Thousands Executed, Dumped in Myanmar


This revelation came from a former intelligence officer for Myanmar's military junta.

Speaking through a Swedish diplomat, Hia Win told a British paper, "Many more people have been killed in recent days than you've heard about."

The most senior official of the regime to defect so far, Win said he fled when ordered to take part in a massacre of monks. His statements appeared in Monday's online edition of the London Daily Mail.

His figures, however, could not be verified. Myanmar is a closed state, and exact reports of atrocities are difficult to confirm. Other human rights groups estimate that at least 200 hundread have been killed in the military crackdown on protesters.

"There are huge difficulties. It's a closed police state," said David Mathieson, a consultant with Human Rights Watch in Thailand. "Many of the witnesses have been arrested and are being held in areas we don't have access to. Other eyewitness are too afraid."

"We do believe the death toll is higher than acknowledged by the government," Shari Villarosa, the top U.S. diplomat in Myanmar, told The Associated Press Monday. "We are doing our best to get more precise, more detailed information, not only in terms of deaths but also arrests."

Win also told The Daily Mail that he believes the revolt has failed. The newspaper also reported that exiles from Myanmar confirmed that hundred of monks had simply "disappeared."

Villarosa said her staff had visited up to 15 monasteries around Yangon. They were all empty. She put the number of arrested demonstrators - monks and civilians - in the thousands.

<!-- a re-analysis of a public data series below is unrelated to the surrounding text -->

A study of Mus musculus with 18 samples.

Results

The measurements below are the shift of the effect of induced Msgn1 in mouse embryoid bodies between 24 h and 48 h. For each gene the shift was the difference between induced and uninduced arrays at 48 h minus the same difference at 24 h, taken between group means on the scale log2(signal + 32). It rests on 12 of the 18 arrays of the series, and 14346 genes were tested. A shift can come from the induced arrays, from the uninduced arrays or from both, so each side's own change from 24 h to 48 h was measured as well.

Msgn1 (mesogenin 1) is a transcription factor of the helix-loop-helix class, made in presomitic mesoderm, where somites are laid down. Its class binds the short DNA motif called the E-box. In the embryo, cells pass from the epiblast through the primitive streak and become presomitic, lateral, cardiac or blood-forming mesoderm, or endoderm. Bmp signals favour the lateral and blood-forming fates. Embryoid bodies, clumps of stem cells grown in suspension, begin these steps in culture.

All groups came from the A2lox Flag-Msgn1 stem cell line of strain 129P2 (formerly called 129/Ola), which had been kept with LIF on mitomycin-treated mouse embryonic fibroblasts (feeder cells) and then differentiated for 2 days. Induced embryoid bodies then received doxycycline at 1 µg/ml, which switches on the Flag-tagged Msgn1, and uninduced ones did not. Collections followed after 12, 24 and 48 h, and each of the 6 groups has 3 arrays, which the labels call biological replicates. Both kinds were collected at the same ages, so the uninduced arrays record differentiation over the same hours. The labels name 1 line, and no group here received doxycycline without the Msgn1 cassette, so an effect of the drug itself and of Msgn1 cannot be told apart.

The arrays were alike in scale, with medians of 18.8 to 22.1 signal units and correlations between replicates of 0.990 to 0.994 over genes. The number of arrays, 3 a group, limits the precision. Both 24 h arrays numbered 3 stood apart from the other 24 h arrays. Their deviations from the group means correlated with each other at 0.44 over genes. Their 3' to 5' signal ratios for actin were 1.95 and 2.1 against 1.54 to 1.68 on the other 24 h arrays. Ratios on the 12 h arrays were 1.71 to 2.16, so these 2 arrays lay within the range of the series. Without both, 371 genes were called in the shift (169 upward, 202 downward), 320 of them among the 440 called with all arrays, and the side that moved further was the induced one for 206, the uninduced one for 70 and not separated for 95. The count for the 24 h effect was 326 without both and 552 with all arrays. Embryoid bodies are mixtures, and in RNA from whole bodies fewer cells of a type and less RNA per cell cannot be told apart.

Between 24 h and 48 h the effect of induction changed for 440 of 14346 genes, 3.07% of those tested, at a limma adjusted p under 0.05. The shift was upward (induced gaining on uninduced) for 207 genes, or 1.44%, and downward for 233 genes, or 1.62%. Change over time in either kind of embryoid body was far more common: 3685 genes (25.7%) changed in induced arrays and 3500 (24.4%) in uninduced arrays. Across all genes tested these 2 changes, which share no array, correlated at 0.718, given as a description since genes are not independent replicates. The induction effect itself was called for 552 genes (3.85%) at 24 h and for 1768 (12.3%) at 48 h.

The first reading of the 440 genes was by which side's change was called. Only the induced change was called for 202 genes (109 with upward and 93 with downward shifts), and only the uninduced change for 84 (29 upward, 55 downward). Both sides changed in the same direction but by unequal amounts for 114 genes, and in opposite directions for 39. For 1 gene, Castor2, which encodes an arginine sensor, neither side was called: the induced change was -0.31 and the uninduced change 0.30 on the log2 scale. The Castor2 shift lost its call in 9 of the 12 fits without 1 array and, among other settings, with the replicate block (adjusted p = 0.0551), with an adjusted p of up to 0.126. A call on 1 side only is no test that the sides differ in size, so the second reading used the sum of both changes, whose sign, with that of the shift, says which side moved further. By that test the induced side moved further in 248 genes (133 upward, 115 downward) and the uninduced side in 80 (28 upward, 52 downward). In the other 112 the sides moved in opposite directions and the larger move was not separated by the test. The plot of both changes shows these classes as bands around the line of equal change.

"I know the monks are not in their monasteries," she said. "Where are they? How many are dead? How many are arrested?"

She said the true death toll may never be known in a Buddhist country where bodies are cremated. Rangoon remains under military control with high numbers of soldiers on the streets.

International Pressure Mounts

Meanwhile, international pressure is building against the military regime of Myanmar.

Worldwide supporters of the peaceful protests are joining the pro-democracy campaign, applying pressure and in the case of some governments - even sanctions against the rulers of Myanmar.

A special United Nations envoy is in the country trying to convince top military leaders to ease up on pro-democracy demonstrations.

The special envoy, Ibrahim Gambari, met with Myanmar's elected pro-democracy leader, Aung San Suu Kyi, who has been confined under house arrest since 2003.

He also met with government officials, but did not get to see the country's top leader on Monday to present international demands. Gambari has pledged not to leave until he meets with the dictator.

The junta has never responded well to international pressure in the past. Government insiders say that Gambari would probably not be able to convince the military leaders to ease up on the crackdown.

Demonstrations Began Small, Crackdown May Be Huge

The demonstrations started small after the government hiked fuel prices. But when Buddhist monks joined in, they became the biggest anti-government protests in 20 years.

However, the situation only intensified when the military began targeting the Buddhist temples, holding tens of thousands of monks hostage.

"The people are angry but afraid - many are poor and struggling in life so they don't join the protests anymore," Thet, a 30-year-old university graduate who is now driving a taxi, said Monday.

The military has sought to limit information coming out of Myanmar. They have allowed the public Internet access to be cut and have squelched mobile phone service as well for the fourth day in a row.

Soldiers have also searched hotels for foreign journalists who may be in the country without permission.

The London Daily Mail, The Associated Press, ABC News and CBN News's John Jessup contributed to this report.